On April 25th, Apple released the latest version of their mobile operating system, iOS 14.5. This update includes several fresh features, such as new voice options for Siriand the ability to use Face ID with a mask. But there is one aspect of iOS 14.5that has Apple on bad terms with Facebook and Google – and it’s all to do with your apps.
App Tracking Transparency
Apple’s latest move is not a safeguarding concern, but rather a safeguarding mechanism. They are implementing App Tracking Transparency (ATT), a feature that will allow users to see which of their apps want to track them. This new tool is a big win for Apple in the war against misinformation and user privacy.
How Does ATT Work?
Have you ever Googled something you’re thinking about purchasing? Have you ever liked or followed a brand on Facebook? Many of the apps we use and websites we visit every day utilise tracking and the data collected from it to inform targeted advertising. User information (location, phone number, other app usage, and a unique number that identifies your iPhone) is harvested by advertisers into something called an IDFA (Identifier for Advertisers). This is why you suddenly see adverts on every app for the item you might purchase or the brand you followed on Facebook. These targeted ads are a key source of revenue for big companies like Google and Facebook, even if it is a concern for many privacy advocates.
ATT will make targeted advertising more difficult for companies. Apps will now have to ask users for permission to track them, with most users being expected to refuse. iOS 14.5 will also offer a setting to stop all app tracking (though the setting does note that ‘some apps may still track you’).
Why Are Apple Introducing This?
Apple cites this controversial move as part of their commitment to the human right to privacy. Tim Cook, Apple’s CEO, has previously criticised the tracking approach, saying those seeking to profit from mining personal data were causing real damage to society as well as encouraging the rise of misinformation. He claims this would eventually mean, “You are no longer the customer. You’re the product.”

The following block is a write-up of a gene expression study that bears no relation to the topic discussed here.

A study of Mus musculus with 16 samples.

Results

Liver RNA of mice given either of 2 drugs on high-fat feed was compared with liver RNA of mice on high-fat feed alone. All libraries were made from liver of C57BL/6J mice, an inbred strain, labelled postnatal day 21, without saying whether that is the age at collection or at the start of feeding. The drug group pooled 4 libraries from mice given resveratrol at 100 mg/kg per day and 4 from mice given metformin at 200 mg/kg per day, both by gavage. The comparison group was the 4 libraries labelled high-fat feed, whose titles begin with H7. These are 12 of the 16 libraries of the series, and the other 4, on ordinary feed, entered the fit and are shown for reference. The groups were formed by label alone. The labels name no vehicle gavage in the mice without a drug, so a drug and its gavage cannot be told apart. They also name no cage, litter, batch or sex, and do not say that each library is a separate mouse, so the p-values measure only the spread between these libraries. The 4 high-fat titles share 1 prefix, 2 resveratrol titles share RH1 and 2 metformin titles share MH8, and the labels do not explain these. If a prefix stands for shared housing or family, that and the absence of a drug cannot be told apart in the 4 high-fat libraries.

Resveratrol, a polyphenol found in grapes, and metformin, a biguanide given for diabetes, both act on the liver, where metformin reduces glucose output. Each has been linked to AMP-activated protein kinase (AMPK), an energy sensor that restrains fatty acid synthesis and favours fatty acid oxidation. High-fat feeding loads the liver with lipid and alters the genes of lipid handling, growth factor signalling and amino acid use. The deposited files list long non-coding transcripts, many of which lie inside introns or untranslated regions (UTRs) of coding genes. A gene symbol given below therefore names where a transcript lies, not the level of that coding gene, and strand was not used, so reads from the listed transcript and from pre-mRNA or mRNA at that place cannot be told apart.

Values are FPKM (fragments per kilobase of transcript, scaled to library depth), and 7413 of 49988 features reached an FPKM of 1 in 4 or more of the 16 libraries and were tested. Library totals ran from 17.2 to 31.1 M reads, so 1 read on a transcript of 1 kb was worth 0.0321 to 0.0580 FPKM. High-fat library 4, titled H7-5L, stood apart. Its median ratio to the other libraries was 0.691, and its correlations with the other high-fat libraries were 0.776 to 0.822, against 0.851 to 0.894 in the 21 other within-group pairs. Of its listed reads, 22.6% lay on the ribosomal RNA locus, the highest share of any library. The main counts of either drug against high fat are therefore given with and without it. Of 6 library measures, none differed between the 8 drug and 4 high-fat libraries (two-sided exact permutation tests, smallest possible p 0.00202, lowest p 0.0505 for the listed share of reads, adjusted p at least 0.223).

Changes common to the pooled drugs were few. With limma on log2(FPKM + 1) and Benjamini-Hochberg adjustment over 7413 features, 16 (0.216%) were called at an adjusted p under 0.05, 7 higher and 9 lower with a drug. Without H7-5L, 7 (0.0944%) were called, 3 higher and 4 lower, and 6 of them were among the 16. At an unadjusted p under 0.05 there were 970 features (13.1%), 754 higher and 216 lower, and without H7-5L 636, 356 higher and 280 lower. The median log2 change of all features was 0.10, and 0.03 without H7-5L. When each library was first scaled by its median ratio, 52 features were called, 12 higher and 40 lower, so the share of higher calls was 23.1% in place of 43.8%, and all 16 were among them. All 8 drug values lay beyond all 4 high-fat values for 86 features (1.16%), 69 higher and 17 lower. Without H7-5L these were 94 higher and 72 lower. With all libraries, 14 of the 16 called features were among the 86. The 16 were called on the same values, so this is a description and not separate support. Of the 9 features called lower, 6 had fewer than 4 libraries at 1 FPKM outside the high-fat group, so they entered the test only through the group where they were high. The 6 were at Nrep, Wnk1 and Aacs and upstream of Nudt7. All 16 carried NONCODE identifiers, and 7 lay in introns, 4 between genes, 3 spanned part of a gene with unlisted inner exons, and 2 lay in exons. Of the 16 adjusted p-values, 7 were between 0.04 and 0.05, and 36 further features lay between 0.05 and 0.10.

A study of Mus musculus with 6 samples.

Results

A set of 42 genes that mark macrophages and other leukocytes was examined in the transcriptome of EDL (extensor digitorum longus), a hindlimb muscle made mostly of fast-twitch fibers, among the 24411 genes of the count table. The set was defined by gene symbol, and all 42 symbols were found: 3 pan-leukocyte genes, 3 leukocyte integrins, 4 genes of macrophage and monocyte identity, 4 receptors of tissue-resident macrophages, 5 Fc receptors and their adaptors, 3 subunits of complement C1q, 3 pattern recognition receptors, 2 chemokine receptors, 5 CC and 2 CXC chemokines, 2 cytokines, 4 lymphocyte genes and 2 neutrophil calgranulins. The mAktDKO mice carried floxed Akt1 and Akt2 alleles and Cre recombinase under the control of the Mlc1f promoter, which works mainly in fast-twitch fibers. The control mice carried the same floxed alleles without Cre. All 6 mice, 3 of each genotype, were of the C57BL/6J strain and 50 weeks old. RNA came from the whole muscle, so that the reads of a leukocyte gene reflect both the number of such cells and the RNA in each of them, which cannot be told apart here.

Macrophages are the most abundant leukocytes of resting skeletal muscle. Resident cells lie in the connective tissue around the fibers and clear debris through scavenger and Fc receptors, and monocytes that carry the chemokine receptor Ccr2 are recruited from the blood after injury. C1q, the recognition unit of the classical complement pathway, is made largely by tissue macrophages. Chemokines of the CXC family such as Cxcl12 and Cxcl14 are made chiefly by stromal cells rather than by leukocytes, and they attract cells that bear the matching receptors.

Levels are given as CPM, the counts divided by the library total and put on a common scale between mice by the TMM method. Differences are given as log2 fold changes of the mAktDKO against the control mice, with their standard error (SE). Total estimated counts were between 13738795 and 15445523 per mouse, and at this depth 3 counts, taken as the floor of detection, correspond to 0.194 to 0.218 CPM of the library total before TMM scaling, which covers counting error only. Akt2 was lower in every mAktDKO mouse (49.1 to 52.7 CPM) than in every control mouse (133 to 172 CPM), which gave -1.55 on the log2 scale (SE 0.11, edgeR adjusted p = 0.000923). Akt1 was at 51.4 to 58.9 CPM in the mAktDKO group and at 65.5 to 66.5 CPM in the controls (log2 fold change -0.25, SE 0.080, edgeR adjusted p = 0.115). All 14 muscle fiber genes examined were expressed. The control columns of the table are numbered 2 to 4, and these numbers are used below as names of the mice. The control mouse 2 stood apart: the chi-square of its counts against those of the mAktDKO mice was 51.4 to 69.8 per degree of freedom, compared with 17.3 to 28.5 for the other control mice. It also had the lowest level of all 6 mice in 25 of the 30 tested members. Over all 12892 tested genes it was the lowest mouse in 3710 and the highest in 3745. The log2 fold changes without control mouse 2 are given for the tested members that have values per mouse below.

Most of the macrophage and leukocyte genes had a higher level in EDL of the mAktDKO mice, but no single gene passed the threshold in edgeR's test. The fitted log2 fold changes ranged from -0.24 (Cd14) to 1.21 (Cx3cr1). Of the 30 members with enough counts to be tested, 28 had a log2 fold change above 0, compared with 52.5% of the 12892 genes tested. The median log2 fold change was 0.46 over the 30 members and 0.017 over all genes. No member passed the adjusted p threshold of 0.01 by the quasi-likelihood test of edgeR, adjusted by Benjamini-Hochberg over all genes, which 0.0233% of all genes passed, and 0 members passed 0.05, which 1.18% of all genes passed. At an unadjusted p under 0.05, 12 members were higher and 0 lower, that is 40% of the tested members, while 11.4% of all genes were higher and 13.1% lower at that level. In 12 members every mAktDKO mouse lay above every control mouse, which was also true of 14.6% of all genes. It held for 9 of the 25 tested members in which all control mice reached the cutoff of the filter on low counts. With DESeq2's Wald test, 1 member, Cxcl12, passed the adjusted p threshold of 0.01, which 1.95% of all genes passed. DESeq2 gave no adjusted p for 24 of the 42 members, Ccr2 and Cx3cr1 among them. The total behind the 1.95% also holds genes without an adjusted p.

Apple cites this controversial move as part of its commitment to the right to privacy.
What is the Backlash?
This type of technology targets big corporate companies, such as Facebook, Instagram, and Google, as it directly challenges how they treat user data. Facebook in particular has gone on the defensive. They have reportedly been building an anti–trust lawsuit against Apple since the release of iOS 14 in January 2021, claiming Apple is abusing “its power in the smartphone market by forcing app developers to abide by App Store rules that Apple’s own apps don’t have to follow.” Facebook insists technology like ATT will hurt small businesses and has said they will combat any alleged deception by showing users an information page that encourages them to allow app tracking. They have also claimed Apple is not doing this to protect privacy, but to increase their own profits.
Apple has stated it is prepared to remove apps that don’t comply with ATT policy.
What Can I Do?
It is important to be aware of how apps and developers are processing your personal details and those of the children and young people in your care. Changes like ATT help give you as a user more transparency and control over how the apps you use track you for target advertising.
We would always recommend the use of any technology that helps protect your data.